French Tennis Federation Seeks Betting Prohibition on French Open

1 February 2008

The French Tennis Federation filed lawsuits in Belgium and France today to bar Betfair, Bwin and Ladbrokes from taking bets on the French Open. The Federation says it is concerned that online betting is tarnishing the integrity of their sport.

"There is urgency to act because sporting ethic is at risk," Jean-Francois Vilotte, director general of the French Tennis Federation, told the Associated Press. "It is an issue as important as the fight against doping."

Complaints filed in Liege, Belgium, and Paris, France, seek an injunction prohibiting Betfair, Bwin and Ladbrokes from taking wagers on the tournament as well as a fine of 50,000 euros per day for violations.

Betfair has always contended that the transparent accounting of its betting exchange does more to illuminate match-fixing than to facilitate it. The company has signed memoranda of understanding with several sport bodies, including the Association of Tennis Professionals, whereby it shares information with sport authorities should it ever detect irregular betting patterns.

"Targeting the only betting operator which is completely transparent and, where needed, shares all its betting information with the ITF and ATP would be just plain bizarre," Betfair managing director Mark Davies told the Canadian Press. "I would be astonished if any sensible regulator wanted to go down this route or believed it could help protect the integrity of its sport when it so obviously does the opposite."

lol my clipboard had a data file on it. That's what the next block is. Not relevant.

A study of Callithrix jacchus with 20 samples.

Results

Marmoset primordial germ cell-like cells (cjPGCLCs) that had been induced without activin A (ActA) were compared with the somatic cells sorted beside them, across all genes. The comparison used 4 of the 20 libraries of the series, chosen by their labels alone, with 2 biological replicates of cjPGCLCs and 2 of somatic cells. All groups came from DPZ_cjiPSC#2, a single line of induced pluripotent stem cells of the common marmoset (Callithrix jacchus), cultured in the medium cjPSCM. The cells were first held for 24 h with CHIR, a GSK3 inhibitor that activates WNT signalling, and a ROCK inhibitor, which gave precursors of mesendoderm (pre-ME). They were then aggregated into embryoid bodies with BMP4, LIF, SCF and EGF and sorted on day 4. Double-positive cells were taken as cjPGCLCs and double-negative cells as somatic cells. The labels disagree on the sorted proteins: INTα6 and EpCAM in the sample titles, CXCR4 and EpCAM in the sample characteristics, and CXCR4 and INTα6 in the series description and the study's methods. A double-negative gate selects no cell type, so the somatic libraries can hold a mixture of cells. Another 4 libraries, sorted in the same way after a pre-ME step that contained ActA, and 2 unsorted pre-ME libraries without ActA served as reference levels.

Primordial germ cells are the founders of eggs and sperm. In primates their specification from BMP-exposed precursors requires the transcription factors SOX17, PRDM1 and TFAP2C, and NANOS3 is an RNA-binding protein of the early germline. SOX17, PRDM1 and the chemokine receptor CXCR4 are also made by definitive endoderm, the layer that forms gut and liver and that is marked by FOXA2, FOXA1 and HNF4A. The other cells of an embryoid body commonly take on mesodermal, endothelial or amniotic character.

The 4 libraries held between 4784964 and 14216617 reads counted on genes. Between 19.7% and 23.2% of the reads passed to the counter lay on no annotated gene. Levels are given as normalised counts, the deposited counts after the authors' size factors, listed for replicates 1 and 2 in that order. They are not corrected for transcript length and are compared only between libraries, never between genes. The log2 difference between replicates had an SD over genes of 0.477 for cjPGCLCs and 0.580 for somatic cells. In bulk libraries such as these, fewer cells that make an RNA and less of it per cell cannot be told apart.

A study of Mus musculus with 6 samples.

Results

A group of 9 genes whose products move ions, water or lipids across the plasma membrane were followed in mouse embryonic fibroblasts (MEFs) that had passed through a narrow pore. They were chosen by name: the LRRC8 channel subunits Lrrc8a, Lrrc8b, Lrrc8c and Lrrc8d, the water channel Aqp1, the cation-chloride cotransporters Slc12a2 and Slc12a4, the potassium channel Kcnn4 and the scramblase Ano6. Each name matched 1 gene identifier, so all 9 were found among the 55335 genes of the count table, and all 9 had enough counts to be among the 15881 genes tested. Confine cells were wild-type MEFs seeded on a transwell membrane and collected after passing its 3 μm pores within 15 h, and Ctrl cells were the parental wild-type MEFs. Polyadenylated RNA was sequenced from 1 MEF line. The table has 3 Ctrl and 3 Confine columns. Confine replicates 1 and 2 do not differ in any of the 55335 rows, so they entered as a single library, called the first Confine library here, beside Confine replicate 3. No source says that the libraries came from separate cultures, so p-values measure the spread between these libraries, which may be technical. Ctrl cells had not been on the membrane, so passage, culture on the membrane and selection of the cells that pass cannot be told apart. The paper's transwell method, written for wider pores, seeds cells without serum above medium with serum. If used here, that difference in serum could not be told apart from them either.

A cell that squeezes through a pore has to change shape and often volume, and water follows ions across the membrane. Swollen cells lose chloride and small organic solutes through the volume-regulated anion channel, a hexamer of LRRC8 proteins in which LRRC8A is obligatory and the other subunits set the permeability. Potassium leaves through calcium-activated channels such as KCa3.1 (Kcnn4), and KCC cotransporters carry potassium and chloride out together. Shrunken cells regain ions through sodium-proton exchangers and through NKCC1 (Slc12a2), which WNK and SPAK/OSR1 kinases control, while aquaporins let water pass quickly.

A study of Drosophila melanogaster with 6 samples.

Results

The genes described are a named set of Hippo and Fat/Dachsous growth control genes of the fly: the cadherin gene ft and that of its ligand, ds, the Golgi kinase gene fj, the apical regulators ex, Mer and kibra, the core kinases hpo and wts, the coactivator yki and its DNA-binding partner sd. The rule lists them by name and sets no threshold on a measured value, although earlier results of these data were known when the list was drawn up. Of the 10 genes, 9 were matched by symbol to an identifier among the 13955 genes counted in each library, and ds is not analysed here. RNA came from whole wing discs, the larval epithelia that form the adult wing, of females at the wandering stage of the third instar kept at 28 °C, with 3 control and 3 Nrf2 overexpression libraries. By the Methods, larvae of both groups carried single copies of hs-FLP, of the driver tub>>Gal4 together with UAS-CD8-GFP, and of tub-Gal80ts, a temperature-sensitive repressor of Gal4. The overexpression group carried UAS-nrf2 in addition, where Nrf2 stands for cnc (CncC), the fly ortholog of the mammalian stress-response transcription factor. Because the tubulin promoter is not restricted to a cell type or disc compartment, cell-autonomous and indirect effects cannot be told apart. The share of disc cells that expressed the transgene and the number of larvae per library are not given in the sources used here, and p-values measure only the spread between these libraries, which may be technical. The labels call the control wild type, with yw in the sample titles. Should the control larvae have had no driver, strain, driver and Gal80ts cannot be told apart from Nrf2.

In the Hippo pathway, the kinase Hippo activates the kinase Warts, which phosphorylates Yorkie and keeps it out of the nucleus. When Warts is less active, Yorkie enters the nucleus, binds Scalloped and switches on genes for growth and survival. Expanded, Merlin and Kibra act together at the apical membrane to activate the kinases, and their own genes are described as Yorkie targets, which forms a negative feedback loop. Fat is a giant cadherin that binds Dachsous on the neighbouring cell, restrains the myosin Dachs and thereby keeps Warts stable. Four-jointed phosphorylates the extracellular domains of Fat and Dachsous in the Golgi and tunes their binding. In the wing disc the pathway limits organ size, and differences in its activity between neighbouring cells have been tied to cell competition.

Tennis has been rife with suspicion of match-fixing in recent years. The ATP was alerted to allegations in 2003 and launched investigations. No charges resulted, but the character of Yevgeny Kafelnikov was called into question by many newspapers. A more recent concern is Betfair's voiding of all wagers on a match between fifth-ranked Nikolay Davydenko and 87th-ranked Martin Vassalo this past August. Betfair reported irregular betting patterns on the match, which resulted in Davydenko withdrawing in the third set from a foot injury.

The ATP is investigating Davydenko but no findings have been announced. Several players have since revealed that they have been approached with offers to fix matches, however. Last year three Italian players were suspended for betting, but they only wagered on matches that involved other players.

This year's French Open is scheduled for May 25 to June 8 in Roland Garros. The French Federation says it attracts 3 billion viewers worldwide.